A Japanese Startup has Figured Out How to Feel Real Pain in VR by@strateh76

A Japanese Startup has Figured Out How to Feel Real Pain in VR



H2L, a company founded with the support of Sony a decade ago, has created an armband product to detect the flexion of human muscles. It allows a user avatar in the meta world to mimic body movements. At the same time, it allows people to feel the presence and weight of a person.

The technology uses electrical stimulation to control arm muscles and mimic sensations such as catching a ball. The head and co-founder of H2L, Emi Tamaki, has said that feeling pain allows us to turn the meta world into the real with an enhanced sense of presence and immersion.


The UnlimitedHand is worn on the arm like a bracelet and contains a muscle contraction sensor, a spatial motion sensor, a muscle electro stimulator, and a vibration motor. The spatial positioning and muscle contraction sensors provide movement to the avatar, and the stimulator makes your hand feel feedback from the app.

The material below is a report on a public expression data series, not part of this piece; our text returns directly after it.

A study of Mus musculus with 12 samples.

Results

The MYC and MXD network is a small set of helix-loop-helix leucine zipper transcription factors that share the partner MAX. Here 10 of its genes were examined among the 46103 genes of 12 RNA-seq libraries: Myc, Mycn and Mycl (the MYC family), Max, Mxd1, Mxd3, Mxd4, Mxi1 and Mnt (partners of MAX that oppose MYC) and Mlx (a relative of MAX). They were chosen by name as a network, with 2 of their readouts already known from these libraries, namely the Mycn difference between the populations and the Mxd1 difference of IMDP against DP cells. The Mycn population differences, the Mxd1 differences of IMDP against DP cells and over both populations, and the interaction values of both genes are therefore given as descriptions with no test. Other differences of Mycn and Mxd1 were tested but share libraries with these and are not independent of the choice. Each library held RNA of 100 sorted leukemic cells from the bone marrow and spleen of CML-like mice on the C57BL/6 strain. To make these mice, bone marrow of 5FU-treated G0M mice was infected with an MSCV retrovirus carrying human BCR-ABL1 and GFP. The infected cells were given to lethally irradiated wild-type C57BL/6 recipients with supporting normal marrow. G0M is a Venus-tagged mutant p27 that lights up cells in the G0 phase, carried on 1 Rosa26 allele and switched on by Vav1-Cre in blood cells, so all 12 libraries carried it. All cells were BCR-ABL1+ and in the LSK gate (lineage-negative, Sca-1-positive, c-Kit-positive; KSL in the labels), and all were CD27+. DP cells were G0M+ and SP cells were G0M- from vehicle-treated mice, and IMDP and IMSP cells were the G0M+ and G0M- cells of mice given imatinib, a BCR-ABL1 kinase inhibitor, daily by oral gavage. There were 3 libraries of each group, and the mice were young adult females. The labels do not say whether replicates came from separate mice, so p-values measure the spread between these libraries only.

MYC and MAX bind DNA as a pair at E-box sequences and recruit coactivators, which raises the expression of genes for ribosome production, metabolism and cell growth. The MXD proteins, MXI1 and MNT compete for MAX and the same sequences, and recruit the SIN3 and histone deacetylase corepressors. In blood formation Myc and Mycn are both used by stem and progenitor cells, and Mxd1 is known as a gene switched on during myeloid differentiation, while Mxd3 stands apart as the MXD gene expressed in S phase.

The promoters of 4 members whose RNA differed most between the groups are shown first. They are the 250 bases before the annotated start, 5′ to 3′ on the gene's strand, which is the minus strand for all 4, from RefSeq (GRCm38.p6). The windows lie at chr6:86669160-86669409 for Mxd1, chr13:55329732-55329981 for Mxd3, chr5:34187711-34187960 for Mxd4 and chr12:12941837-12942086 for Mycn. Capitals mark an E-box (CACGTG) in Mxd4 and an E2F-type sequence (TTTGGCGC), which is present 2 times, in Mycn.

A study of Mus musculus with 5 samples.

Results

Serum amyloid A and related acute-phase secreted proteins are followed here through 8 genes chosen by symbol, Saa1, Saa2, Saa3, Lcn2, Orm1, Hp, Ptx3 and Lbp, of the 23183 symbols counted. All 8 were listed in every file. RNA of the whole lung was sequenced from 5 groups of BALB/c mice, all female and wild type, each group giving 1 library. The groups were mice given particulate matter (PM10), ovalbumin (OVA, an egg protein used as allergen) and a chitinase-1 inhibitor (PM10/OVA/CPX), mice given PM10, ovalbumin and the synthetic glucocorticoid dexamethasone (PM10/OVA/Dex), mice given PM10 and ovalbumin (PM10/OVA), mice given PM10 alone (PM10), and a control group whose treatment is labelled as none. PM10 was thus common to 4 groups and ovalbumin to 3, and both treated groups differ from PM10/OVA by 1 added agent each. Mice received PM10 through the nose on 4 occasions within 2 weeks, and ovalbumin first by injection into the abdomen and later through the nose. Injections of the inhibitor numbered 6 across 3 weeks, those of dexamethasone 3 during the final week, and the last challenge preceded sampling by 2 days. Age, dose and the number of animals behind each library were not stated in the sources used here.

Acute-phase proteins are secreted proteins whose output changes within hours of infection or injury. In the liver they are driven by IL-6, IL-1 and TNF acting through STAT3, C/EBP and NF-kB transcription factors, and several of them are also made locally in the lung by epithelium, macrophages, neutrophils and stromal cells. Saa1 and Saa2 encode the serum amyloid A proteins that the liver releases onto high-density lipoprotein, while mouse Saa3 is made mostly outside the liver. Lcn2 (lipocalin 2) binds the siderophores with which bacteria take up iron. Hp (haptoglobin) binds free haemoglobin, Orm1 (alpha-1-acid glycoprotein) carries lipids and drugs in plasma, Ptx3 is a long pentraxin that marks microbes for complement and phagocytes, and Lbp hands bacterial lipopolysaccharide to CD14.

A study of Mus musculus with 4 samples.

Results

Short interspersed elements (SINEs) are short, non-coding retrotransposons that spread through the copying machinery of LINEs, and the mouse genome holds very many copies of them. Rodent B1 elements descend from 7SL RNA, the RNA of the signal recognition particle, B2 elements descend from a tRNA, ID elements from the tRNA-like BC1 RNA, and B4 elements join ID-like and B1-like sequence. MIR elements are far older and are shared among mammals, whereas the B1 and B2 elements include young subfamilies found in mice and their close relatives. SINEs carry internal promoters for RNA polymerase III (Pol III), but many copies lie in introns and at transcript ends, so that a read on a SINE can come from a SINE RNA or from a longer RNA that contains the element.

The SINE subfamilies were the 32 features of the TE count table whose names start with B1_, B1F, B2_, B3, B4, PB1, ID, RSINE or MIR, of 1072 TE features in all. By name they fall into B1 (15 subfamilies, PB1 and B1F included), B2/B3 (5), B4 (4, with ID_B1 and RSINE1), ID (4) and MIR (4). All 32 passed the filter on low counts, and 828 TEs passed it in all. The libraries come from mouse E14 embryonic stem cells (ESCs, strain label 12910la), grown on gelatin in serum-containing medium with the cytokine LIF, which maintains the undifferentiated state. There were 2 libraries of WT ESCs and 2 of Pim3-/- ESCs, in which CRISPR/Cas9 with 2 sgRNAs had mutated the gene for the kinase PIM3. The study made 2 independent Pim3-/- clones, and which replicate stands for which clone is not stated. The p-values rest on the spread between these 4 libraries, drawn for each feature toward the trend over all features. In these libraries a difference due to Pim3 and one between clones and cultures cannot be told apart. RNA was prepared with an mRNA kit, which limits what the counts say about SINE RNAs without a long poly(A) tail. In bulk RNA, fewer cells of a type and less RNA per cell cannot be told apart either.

Electrical stimulation allows the user to broadcast the sensation of the impact of virtual events, whether picking up and carrying objects of different weights, receiving punches, kicks, and so on.

To date, few industry entrepreneurs have focused on pain. It is a consequence of the interaction of objects with the body. It does not have to be intolerable and can make digital universes more realistic. By focusing on this, H2L has resonated in the media, controlling people's feelings even in reality.


The startup has raised about ¥1 billion and is valued at ¥5 billion. The company plans to go public and raise ¥20 billion in the next five years.